Pathways to being a Coach

by bqmedia

Coaching with BQ Coaching Committee

By Jacqui Hineman

In this article, we look at the coaching pathways available to coaches and explore the different types of coaching performed at each level. All coaches, no matter what level they coach, have the experience and ability to promote lawn bowls to the wider community.

Introductory Coach

If you believe that school children and young adults are the future of our sport, then an introductory coach might be for you. The introductory coach’s role is to promote the sport to new participants via schools and social events, by providing the basic knowledge required to successfully deliver a bowl. The introductory coach aims to achieve this within five minutes, allowing all participants to have plenty of time to have fun.

The Introductory Course is a good way for new coaches to learn and explore activities that are creative, fun, and exciting. The four-hour course covers the roles and responsibilities required by coaches at this level. An introductory coach does not have the accreditation to teach new and existing club bowlers or teams but being a club coach does, so read ahead to find out more about what a club coach can do.

Club Coach

The club coach could be the best public relation tool for a club. These dedicated coaches are usually the first meaningful contact a new club bowler will have when attending a club for the first time. Therefore, it is vital that all coaches have a thorough understanding of the communication skills required when teaching new bowlers, as well as a deep understanding of the fundamentals of the bowls. It is also a requirement for club coaches to be able to show bowlers how to use a bowling arm. The two-day club coach course addresses these key areas, along with workplace health and safety and how to design, implement and evaluate a coaching session.

Coaches are expected to participate in practical and theory sessions which are conducted both on and off green. Once accredited, coaches are able to teach new club bowlers, experienced bowlers and teams (such as pennant teams).

Both the introductory and club coach courses are conducted by Bowls Australia accredited Presenters and Assessors.

Advanced coach

As an advanced coach, you are accredited to ‘train and assist players at the district level, train juniors at the state level, and become a state assistant and development squad coach’.

This accreditation course is delivered by Bowls Australia and is a comprehensive course that covers many areas of training including psychology, anatomy and biomechanics, nutrition, building teams and anti-doping. In addition, advanced coaches must have completed the Selection and Competition modules. This makes the advanced coach an excellent facilitator for drills and skill sessions for high performance training. Advanced coaches are also in a position to provide valuable information to selectors, as they are knowledgeable in the psychology of team cohesion and placement of players. By selectors and advanced coaches working together, players can experience a holistic approach to training, thereby, promoting a supportive environment for each player. All advanced coaches are accredited and re-accredited through Bowls Australia only. Coaches no matter what level must have a Working with Children Blue Card. Your club secretary can help with this. A volunteer Blue Card is free.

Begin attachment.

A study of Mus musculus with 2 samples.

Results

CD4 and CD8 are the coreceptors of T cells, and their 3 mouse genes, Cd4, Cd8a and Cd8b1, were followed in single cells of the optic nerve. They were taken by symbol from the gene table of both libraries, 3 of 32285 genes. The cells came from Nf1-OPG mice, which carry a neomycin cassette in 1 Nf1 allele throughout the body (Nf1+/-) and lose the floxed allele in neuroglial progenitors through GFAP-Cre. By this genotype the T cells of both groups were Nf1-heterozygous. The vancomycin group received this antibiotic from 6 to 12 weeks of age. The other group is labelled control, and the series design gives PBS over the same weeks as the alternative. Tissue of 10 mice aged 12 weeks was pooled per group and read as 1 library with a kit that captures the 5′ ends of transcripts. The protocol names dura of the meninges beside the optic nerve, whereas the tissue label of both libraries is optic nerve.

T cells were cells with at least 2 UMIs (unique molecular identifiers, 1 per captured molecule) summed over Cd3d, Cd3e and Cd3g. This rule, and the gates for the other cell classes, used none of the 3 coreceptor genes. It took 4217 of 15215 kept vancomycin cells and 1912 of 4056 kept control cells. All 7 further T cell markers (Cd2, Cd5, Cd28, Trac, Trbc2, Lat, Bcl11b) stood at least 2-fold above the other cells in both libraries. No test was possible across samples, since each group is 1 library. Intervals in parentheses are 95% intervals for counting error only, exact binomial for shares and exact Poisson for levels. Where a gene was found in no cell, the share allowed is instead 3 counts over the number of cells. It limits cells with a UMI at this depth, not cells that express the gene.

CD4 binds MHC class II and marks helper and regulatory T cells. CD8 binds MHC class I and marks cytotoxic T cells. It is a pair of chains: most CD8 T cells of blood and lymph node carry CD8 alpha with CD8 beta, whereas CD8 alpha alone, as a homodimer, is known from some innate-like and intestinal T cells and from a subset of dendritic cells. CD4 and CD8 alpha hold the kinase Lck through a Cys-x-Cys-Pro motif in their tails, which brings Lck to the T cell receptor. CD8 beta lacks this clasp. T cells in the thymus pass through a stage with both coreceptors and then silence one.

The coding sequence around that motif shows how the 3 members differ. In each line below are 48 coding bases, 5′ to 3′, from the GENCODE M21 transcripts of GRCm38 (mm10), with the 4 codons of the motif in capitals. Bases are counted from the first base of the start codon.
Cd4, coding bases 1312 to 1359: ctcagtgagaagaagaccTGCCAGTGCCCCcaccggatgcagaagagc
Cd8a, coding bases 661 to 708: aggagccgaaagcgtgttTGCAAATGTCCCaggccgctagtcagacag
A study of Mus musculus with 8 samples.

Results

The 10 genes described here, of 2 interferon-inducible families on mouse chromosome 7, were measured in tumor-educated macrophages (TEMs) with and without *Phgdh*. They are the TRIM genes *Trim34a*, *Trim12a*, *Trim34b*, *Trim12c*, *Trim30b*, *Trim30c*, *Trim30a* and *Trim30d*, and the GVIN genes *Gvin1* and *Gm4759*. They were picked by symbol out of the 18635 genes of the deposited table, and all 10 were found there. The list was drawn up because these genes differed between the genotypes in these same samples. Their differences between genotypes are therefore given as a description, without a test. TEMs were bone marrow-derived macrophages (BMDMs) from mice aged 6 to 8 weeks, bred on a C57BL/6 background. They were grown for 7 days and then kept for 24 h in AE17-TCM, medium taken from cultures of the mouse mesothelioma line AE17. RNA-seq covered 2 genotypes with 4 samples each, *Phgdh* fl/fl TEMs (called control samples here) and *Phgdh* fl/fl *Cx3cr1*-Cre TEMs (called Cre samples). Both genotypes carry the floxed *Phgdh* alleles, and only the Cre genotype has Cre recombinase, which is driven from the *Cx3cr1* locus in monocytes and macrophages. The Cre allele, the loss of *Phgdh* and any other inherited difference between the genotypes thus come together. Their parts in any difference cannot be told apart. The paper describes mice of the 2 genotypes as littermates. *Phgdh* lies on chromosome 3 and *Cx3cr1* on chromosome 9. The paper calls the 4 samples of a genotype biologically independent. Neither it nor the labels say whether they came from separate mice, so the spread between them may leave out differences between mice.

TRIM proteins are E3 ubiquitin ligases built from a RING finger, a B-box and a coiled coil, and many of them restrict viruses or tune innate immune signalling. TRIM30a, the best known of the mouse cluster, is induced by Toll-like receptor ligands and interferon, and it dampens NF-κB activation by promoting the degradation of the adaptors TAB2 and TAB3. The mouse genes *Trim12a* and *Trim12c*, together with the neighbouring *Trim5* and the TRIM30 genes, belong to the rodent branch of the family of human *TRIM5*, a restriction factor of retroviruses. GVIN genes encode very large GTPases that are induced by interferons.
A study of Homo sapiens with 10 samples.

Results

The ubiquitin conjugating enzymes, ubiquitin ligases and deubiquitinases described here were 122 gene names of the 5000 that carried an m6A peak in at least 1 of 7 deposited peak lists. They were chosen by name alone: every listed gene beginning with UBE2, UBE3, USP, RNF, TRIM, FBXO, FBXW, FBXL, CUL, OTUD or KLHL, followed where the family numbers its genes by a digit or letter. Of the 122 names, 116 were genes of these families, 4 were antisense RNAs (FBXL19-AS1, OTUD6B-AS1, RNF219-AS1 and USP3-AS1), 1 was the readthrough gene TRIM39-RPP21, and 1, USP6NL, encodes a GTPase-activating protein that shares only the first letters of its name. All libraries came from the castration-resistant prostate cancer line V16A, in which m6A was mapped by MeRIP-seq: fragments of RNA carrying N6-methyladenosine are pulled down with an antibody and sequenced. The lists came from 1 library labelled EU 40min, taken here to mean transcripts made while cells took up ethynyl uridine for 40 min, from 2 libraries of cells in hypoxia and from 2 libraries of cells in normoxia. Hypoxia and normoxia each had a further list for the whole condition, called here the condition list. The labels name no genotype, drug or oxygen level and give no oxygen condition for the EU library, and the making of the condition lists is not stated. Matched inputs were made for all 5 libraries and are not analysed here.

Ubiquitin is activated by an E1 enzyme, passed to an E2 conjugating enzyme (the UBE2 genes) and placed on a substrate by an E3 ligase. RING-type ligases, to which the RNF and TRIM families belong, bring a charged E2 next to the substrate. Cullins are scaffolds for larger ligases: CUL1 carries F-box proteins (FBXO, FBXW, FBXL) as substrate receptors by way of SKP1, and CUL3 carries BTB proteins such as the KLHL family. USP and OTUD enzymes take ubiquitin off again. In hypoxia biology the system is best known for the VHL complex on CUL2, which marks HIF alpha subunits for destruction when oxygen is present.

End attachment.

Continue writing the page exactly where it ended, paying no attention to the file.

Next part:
Don’t forget that the BQ Coaching Committee is available to help you with any coaching concerns you may have. As well as conducting introductory and club coach accreditations and reaccreditations, the committee also conducts skills sessions including sessions for armed bowlers, and coach workshops. To find out more about becoming an accredited coach, and available up-coming courses, go to the Bowls Queensland website https://www.bowlsqld.org/coach-umpire/coaches/ or call Cath at BQ (07) 3354 0777 Email: admin@bowlsqld.org

ECKA’S TIP

When practising, players should aim to develop a robust delivery style anda robust mental approach.

Each bowl during practice should be delivered with purpose and with as much emphasis on the delivery action as on the mental action.